I took a beautiful bike ride last night on my favorite 20k loop. We have had some brutal heat waves the last few days; coupled with the humidity the heat index has been over 115 on more than one occasion. I will be standing in front of the class (and I will take standing over sitting ANY day), and then in a 10 minute stretch I will become aware that the floodgates have opened on my body from head to toe, throwing off rivers of water in a desperate attempt to maintain a reasonable core temperature. The only access I have to AC is on the buses to NKP, more of a tease than an effective coolant. A fan directly jetting on me makes it endurable, and I sometimes stand practically in the one at Thai Samakee. I do feel much less crushed by the heat than I did back in October. Realistically though, it makes actions like typing on the computer unpleasant, and laying on a mattress is awful. So yesterday's sudden thunder and lightning storm helped crest the wave and drop the mercury into the human realm again. I can tell it bothers the locals a bit, but certainly not on par with this Mainer, visions of crystaline Hobbs Pond floating in his head. (Someone with a bit of biology background can perhaps help me understand how it is that the locals do manage it better- I know they have little to no body hair, but is there more to it? ) I waited until the last moment to take the ride and still make it home before dark. A storm helps with the heat, but it is by no means a cure. I sometimes think of my dear friend Mike Clark sweating away on a hot Maine day- here, after ten minutes or so, nothing would remain of him but a pool of water, a set of blue running shorts, and two rocks. Back to the ride, simply perfect. Little to no traffic, not counting the herds of water buffalo and cows, quiet except for those same cows' tinkling bells, farmers out in their pointy hats, bent over planting rice, the air lightened and freshened, and endless varieties of green. Somewhat like New England, a dramatic cloud sunset is notable here- at least in comparison to Colorado where I grew up, an explosively radiant daily sunset practically guaranteed (speaking of which, I am guaranteed of having to look up how to spell guaranteed every frickin time!). Smart boy, I brought my camera (actually the camera I am borrowing from my good friend after losing mine) and I happily cut my ride short to capture it.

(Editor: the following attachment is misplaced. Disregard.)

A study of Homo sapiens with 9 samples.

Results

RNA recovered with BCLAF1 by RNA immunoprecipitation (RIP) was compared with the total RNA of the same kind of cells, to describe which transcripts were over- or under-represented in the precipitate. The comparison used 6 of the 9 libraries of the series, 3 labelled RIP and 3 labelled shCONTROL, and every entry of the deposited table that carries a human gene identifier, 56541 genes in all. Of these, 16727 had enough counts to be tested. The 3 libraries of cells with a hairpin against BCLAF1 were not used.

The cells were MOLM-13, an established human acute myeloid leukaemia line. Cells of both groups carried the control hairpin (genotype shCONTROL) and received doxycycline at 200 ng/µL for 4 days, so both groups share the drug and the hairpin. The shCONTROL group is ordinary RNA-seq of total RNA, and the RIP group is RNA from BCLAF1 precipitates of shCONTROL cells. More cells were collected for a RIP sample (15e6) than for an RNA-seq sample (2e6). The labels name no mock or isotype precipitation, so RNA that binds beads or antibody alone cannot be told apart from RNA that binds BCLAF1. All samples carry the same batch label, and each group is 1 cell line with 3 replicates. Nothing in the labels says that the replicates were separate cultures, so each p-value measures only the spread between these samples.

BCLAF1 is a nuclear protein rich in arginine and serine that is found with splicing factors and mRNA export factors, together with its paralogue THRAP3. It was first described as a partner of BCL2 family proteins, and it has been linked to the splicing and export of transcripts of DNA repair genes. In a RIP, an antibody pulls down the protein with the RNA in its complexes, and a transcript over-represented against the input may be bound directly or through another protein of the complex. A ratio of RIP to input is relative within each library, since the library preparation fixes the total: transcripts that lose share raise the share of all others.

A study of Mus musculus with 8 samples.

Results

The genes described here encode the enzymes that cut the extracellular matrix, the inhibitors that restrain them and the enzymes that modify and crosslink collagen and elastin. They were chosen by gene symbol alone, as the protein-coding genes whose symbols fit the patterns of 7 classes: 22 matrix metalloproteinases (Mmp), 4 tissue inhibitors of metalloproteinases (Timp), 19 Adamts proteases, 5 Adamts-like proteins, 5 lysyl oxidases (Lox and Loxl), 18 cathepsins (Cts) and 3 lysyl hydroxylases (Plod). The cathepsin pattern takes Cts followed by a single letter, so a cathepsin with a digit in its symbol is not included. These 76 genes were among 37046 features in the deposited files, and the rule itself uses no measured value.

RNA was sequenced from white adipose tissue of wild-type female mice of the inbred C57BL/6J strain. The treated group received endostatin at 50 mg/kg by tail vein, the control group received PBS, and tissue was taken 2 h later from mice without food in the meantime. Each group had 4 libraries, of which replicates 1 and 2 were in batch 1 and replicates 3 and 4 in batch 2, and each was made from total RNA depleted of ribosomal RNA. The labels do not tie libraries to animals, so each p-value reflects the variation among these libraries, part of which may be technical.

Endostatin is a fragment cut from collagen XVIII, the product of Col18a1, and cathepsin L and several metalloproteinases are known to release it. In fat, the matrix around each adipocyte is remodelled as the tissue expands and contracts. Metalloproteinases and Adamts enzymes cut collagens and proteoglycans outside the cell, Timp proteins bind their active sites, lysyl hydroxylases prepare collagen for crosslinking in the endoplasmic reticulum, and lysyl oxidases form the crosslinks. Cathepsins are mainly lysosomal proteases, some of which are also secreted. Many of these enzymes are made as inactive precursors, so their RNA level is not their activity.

The beauty of a sunset is naturally melancholic, signaling an end, and try as I might I could not keep my mind from asking Can I possibly leave such a place? Could I make this my home? If only I had a dozen lives to roam and settle, roam and settle, roam and settle- perhaps I would find a way to stillness.
Someone was kind enough to add the Bronk poem to my older post. Thank you so much, Anonymous! Either it holds up well after twenty five years when I first read it, or I just haven't grown at all as a reader. It still hits me with the same quietly complex jolt.
GREEN AS A VERITY
Do you see the light on those green trees?
Green is real in an intensity of green.
Deciduousness is nothing, as evergreen
is nothing either. These are not the point.
Certain situations lack all green,
or it is there in all variety.
But this is not the point. Exactly not.
Who denies it; we are not told
anything we can believe in, and we live
in a hardly credible world. What is not
hidden from us? Our reasonings confuse
us and obscure what little we think to see of the world.
It is that kind of a place; but even so,
some things cannot stay hidden, are obvious.
We stumble on them and wonder how or why
we missed it before, that, for intance, green
is a verity, not to be reckoned without
in its absence even, in places where it is not,
and there are such places and such times.
The idea of green. That there are verities.